If you are a fan of police or legal procedural shows, you might be shocked by the New Jersey legal system’s lack of familiar criminal jargon. The state of New Jersey does not have “felony” or “misdemeanor” charges. Rather, it incorporates the term Common Disorderly Persons Offenses as a substitute for criminal misdemeanors. These are further broken down into two sub-categories: regular Common Disorderly Persons Offenses and Common Petty Disorderly Persons Offenses.
If you are a New Jersey citizen, you need to know what these disorderly persons offenses are – or at least the most common, popular ones. What do you, as a citizen of the state, need to know about these?
New Jersey State Law has yet to legalize marijuana. Possession of 50 grams or less of marijuana can result in a Common Disorderly Persons Offense. According to state law, “It is unlawful for any person, knowingly or purposely, to obtain, or to possess, actually or constructively, a controlled dangerous substance or controlled substance analog, unless the substance was obtained directly, or pursuant to a valid prescription or order form from a practitioner, while acting in the course of his professional practice, or except as otherwise authorized by P.L.1970, c.226 (C.24:21-1 et seq.).”
The law emphasizes the illegality of possessing marijuana in public or within a thousand feet of a public building like a school. If you have more than 50 grams or if this is a fourth offense or later, you might be charged with up to $25,000.
The difference between simple assault and violent assault can be the difference between years in prison or a far milder $1,000 fine in the state of New Jersey. As defined legally, simple assault occurs when a person hurt someone else willingly or recklessly, negligently causes harm to another person with a deadly weapon, or menaces someone by putting them in fear of being seriously hurt. Fights or scuffles, where both individuals enter consensually is by contrast a petty offense.
This is opposed to aggravated assault, which involves the infliction of serious injuries, as further defined by the law. Simple assault often does not involve serious harm with a deadly weapon or hospitalization. These crimes are of a far more serious matter.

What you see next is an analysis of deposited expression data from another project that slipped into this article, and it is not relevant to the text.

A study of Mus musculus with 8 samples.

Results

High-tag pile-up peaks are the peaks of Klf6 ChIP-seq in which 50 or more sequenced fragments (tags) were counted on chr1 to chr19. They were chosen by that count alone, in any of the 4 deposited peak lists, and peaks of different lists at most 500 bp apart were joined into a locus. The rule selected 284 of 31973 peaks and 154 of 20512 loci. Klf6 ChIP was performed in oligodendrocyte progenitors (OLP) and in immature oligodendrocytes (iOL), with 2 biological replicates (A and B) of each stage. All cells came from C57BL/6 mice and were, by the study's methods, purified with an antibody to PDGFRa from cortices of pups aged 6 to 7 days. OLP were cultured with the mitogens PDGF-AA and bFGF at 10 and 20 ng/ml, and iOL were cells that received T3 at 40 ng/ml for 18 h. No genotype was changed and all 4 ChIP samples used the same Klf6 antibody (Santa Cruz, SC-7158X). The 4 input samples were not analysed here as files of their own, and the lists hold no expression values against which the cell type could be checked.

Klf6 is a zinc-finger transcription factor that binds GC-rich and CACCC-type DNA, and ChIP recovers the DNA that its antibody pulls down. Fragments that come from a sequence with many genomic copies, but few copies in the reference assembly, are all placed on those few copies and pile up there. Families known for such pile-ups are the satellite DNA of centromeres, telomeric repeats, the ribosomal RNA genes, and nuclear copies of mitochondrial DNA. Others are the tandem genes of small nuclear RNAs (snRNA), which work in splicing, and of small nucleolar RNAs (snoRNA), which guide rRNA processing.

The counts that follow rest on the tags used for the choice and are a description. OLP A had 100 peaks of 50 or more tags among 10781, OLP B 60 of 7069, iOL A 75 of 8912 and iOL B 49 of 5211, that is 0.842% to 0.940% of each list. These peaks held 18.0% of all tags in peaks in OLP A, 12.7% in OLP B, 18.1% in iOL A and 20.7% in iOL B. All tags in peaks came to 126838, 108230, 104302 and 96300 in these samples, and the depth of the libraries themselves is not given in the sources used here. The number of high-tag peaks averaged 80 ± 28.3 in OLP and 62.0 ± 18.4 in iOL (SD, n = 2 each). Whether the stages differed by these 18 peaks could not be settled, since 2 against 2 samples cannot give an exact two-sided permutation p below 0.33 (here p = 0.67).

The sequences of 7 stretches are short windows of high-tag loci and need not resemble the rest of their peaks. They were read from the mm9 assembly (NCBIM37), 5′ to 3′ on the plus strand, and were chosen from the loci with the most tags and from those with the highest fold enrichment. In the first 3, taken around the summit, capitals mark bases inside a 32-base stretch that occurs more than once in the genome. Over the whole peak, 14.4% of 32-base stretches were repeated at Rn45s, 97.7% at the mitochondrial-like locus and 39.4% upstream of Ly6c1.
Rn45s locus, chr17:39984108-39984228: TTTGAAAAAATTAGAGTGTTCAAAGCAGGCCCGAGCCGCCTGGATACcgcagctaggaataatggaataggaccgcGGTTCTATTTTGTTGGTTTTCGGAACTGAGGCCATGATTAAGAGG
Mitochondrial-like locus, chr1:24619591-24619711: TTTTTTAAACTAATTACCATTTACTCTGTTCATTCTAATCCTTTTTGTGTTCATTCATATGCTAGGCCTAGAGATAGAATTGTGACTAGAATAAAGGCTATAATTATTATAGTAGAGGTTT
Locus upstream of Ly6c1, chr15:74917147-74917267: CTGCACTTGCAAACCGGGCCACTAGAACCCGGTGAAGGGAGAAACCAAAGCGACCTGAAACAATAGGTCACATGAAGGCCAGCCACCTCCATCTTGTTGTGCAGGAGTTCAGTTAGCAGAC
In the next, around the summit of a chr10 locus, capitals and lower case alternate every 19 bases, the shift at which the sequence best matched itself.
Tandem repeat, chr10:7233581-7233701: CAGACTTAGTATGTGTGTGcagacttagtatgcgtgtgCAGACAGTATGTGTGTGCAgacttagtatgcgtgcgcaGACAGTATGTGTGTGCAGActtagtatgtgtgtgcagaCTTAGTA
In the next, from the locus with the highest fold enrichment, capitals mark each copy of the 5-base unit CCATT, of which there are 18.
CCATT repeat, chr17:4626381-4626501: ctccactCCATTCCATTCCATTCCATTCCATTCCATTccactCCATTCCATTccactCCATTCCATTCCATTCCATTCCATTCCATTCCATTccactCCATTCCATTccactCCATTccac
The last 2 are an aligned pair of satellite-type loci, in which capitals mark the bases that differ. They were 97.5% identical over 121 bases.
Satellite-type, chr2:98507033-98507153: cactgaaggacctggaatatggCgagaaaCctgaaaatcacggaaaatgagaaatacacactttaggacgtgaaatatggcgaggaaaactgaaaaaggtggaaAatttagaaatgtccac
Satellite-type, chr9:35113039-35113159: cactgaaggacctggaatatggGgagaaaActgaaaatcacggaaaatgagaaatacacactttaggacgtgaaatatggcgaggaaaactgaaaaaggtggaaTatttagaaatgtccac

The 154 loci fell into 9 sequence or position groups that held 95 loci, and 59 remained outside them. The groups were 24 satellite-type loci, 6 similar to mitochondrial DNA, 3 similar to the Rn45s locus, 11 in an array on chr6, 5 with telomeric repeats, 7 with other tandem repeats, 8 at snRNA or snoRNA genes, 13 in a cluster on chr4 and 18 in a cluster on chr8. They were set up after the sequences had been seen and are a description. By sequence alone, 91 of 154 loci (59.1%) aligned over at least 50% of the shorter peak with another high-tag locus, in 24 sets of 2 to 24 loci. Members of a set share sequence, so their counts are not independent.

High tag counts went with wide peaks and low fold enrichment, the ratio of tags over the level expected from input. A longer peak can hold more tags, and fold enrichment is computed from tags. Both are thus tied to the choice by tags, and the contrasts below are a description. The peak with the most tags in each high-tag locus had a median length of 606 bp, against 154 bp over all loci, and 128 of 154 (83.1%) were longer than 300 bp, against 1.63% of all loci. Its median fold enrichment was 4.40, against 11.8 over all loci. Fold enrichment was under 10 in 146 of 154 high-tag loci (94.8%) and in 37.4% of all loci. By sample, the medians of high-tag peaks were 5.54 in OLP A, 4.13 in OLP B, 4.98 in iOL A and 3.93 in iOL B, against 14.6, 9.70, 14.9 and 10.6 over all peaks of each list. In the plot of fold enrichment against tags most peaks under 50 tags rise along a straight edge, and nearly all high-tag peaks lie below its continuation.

Theft or Shoplifting (Under $200)
Steal something small? You might be up for a Common Disorderly Persons Offense. Any theft involving the stolen property valued at under $200 counts as this. While this is not limited to simply shoplifting, it is most often applied to shoplifting due to the potential damages that could be incurred during a theft.
However, should the damage incurred during the theft exceed $500, the charges might be more severe for when the thief is brought into justice. This also does not count robbery, which is differentiated from burglary in that robbery often involves the physical injury of the target of theft.
Improper behavior sounds like a vague enough disorderly persons offense to inspire almost a negligent dismissal of it as a concept. However, it is a very real, very specific offense that those in the state of New Jersey should understand so they do not fall into its traps.
Improper behavior is defined as behavior designed to cause public inconvenience or offense, by either inspiring fear of harm or extreme irritation. This might include actions such as spreading hateful language in a public setting, deliberately harassing people in public, or, perhaps, even smashing plates with the attention of annoying those around you.
Contrary to what many believe, not all speech is spared from legal consequences. While this qualifies as a common petty disorderly persons offense, it still counts explicitly as a very real offense with ramifications.
As defined, “A person is guilty of a petty disorderly persons offense if, in a public place, and with purpose to offend the sensibilities of a hearer or in reckless disregard of the probability of so doing, he addresses unreasonably loud and offensively coarse or abusive language, given the circumstances of the person present and the setting of the utterance, to any person present.”
This means language that is intended to cause emotional harm for any reason, be it targeted harassment, sexual harassment, or racial harassment, can be regarded as offensive language. While the penalty is not extreme, that does not mean there is no penalty.
Many victims of common disorderly persons offenses might also find themselves the victims of personal injury. In such a case as these, you are entitled to damage pay, even if they are small claims. That is where we come in. The attorneys at Scura, Wigfield, Heyer, Stevens & Cammarota LLP can help. Please call our offices to schedule a free consultation and hear your options.